In the second of a series of articles focusing on possible changes to retirement income policy in the Federal Budget 2016/17, this week we consider ‘the big one’ – likely changes to concessional tax on superannuation.
This proposed change has been ‘on the table’ and ‘off the table’ more times than my mum set the table when I was growing up. But Treasurer Scott Morrison has confirmed the Government is indeed planning on changing the way the concessional rate is calculated.
The current rule
There is currently a concessional tax of 15 per cent on super contributions, which applies to all workers, except those earning $300,000 or more, who pay 30 per cent tax. This arrangement favours those who earn between $180,000 and $300,000. The cost of these tax concessions (to the annual federal budget) is set to overtake the cost of the Age Pension (currently $39 billion per annum) within 12 months.
Changes suggested by many different interest groups include the following measures:
1.Change from a concessional tax of 15 per cent to a 15 per cent rebate on an individual’s marginal tax rate (Deloitte). Low income earners will pay six per cent and those in the $180,000- $300,000 bracket will pay 34 per cent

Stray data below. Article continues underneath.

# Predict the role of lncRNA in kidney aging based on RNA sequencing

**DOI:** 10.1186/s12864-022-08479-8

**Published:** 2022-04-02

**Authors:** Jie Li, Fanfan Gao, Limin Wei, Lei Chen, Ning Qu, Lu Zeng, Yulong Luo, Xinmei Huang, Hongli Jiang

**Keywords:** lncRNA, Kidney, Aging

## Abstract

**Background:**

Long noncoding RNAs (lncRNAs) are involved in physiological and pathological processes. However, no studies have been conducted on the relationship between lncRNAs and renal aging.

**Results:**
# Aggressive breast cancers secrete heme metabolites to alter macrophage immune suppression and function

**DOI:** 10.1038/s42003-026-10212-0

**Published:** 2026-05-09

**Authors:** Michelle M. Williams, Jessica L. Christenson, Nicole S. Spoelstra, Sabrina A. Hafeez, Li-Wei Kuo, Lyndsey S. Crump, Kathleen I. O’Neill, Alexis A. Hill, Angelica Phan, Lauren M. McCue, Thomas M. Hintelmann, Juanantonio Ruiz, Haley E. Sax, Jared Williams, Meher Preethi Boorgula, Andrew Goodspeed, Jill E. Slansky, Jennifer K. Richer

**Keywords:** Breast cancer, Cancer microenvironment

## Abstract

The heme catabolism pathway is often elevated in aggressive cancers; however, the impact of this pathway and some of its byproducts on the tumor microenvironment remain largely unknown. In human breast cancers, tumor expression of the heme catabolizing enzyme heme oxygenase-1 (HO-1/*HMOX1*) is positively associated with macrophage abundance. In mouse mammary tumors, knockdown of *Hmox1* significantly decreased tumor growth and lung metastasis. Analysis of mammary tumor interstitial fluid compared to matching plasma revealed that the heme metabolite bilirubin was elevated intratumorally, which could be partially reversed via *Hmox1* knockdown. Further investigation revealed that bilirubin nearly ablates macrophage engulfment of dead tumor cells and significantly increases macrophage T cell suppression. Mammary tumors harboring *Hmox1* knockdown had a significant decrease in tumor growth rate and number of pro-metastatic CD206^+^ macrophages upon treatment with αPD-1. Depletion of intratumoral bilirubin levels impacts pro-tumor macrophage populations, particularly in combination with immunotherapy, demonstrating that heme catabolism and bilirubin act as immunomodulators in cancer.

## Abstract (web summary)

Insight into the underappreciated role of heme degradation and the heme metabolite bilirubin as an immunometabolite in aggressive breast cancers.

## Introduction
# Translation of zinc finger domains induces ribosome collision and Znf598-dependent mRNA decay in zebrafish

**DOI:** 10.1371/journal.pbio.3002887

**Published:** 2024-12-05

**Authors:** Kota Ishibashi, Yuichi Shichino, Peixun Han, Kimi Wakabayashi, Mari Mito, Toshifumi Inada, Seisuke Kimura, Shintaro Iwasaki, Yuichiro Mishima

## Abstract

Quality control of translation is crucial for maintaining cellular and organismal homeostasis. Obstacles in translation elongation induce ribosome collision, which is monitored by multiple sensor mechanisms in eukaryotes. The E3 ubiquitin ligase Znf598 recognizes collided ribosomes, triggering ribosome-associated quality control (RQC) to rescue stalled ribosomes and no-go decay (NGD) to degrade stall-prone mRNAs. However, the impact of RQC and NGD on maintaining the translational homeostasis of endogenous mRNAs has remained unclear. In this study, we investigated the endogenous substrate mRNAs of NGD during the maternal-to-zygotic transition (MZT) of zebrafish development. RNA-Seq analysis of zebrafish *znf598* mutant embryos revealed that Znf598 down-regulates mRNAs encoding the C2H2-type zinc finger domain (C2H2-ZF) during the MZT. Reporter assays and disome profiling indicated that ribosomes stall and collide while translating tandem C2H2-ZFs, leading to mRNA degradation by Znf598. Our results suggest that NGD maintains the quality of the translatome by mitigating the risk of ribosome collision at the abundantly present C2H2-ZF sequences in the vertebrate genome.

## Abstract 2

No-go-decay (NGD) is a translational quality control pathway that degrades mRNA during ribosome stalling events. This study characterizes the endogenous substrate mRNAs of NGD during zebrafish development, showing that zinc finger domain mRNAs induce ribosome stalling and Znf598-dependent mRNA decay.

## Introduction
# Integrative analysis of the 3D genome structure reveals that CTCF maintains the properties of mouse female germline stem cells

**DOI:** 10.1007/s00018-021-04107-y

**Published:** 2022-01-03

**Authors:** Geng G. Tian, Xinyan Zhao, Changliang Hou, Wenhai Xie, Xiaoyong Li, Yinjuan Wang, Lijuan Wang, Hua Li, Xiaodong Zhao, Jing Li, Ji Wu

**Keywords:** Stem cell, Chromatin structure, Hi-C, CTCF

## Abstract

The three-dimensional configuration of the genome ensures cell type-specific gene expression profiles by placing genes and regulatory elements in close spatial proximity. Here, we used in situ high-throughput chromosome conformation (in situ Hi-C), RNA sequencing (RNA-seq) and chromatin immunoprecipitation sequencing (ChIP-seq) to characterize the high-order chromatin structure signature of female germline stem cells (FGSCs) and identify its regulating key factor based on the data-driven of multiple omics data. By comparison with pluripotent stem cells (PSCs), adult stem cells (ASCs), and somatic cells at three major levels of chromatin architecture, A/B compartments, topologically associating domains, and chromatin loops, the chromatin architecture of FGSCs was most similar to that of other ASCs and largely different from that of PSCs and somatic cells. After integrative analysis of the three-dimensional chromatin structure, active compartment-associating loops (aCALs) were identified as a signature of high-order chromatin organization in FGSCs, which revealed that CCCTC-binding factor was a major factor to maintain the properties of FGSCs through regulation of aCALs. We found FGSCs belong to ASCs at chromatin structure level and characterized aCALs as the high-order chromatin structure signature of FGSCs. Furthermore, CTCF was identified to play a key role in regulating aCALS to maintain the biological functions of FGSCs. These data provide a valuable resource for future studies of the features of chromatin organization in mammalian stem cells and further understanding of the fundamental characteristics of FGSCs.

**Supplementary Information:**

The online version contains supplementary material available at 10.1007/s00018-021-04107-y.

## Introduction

2. As above but with a 20c rebate (Henry Review 2010)
3. Lower the upper limit from $300,000 to $250,000 (Labor Party policy)
4. Allow only $11,000 per year contributions with a $250,000 lifetime cap (Grattan Institute)
In the interest of greater fairness in our superannuation system, we believe a hybrid of the Labor Party policy of reducing the upper limit from $300,000 to $250,000 makes sense. But the fairest change would be to also move from the 15 per cent flat rate to a rebate on marginal tax. Such changes would mean a far more equitable system, unlike the current situation where the more you have or earn, the better your retirement wealth, while the less you have/earn, the worse it will be. Either of the above policies or both would need bi-partisan support so that these rules can be supported for at least a 10-year period. Previous governments have continually fiddled with superannuation leading to uncertainty for those planning and entering retirement. In 2012, the Gillard government Treasurer Wayne Swan did introduce a five-year moratorium on ‘major’ changes to superannuation tax policy, but this was reversed by the incoming Abbott government in 2013. Regardless of which party introduces such changes, indeed any changes to super, they really do need to be in place for a minimum of five years to allow workers to best plan their retirement income.
What do you think? Should the current tax concessions on contributions to superannuation remain as they are, or is it time to make them fairer to those with less?